ELECTRON MICROSCOPY: Lloyd’s-mirror technique extracts contour information from microscopic 2-D images
As nanotechnology continues to grow, researchers struggle to monitor the details unfolding at scales far below the threshold of human vision, such as thin-film growth and droplet coalescence.
As nanotechnology continues to grow, researchers struggle to monitor the details unfolding at scales far below the threshold of human vision, such as thin-film growth and droplet coalescence. Scientists using an old-time technique have found a way to retrieve real-time three-dimensional information from two-dimensional surface-electron-microscope images.
While investigating liquid gallium droplets spreading on the surface of a gallium arsenide substrate, David Jesson and colleagues at Monash University (Victoria, Australia) noticed that the edge of the droplets displayed so-called Lloyd’s fringes, an effect understood since 1834 (see figure). Lloyd’s fringes form when light reflected from a mirror (referred to as a Lloyd’s mirror) interferes with light coming from the source.
In the modern version of the effect, the scientists combine photoemission electron microscopy with the classic Lloyd’s-mirror optical geometry to determine the contour information of the coalescing gallium droplets. In this technique, UV light illuminates the droplets on the reflective substrate and forms Lloyd’s fringes near their edges, which are imaged using a photoemission-surface-electron microscope. The cathode immersion lens (part of the electron-microscope optics) may cause distortion of the fringes due to the influence of the surface topography on the uniform electric field, but the distortion is correctable with image processing. The fringe intensity varies with the height of the droplet, so the shape of the droplet surface can be reconstructed by simply counting the fringes, similar to counting the contour lines on a topographic map.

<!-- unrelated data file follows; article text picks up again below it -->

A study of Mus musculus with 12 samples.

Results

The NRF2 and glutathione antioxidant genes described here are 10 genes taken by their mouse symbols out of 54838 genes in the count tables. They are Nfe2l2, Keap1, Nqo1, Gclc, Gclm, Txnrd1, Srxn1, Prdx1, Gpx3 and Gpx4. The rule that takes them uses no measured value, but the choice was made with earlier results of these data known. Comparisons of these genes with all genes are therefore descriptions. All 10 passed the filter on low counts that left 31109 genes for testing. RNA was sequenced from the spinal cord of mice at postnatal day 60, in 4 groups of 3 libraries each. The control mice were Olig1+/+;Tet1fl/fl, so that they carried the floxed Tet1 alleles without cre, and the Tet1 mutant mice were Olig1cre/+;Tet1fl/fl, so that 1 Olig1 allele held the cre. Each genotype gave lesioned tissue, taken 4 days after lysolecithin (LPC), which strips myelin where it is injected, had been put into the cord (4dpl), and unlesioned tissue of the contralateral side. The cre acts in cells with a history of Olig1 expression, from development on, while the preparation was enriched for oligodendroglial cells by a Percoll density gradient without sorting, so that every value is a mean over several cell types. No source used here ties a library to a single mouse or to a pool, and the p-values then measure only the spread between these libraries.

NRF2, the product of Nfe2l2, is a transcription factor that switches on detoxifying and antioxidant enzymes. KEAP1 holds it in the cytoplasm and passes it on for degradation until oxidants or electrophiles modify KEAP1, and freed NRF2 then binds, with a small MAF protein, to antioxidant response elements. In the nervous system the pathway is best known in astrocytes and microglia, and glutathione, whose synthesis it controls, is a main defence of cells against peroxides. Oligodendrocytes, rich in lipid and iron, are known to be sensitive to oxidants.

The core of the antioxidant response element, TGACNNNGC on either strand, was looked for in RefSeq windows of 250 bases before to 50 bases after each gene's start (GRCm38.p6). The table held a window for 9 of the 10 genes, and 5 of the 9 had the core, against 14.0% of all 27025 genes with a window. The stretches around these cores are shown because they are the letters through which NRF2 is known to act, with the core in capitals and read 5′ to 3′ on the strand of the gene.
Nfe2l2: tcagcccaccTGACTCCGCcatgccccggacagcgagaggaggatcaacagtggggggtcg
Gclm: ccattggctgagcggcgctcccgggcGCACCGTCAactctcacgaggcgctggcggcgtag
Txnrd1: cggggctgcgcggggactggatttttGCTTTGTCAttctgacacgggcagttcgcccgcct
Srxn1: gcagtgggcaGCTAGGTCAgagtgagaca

The resolution of the method is fine enough to allow detection of fringes spaced approximately 0.5 mm apart using a UV light source. Further development of Lloyd’s-mirror electron microscopy would enable resolution of features measuring hundreds of nanometers. Use of a synchrotron light source could achieve even higher resolution.
The team used the technique to investigate contact-line dynamics during reactive wetting of metal droplets, but the results of that study are secondary to the importance of the technique itself. The researchers believe the intensity and contrast of the fringes are strong enough to enable observations of real-time changes in surface topography.1 The technique could then be applied to create three-dimensional movies of nanoscale motion, such as magnetic changes in nanostructures being developed for use in computer memory, and growth of thin films and photonic crystals.
Valerie C. Coffey
1. D.E. Jesson et al., Physical Rev. Lett. 99, 016103 (July 6, 2007).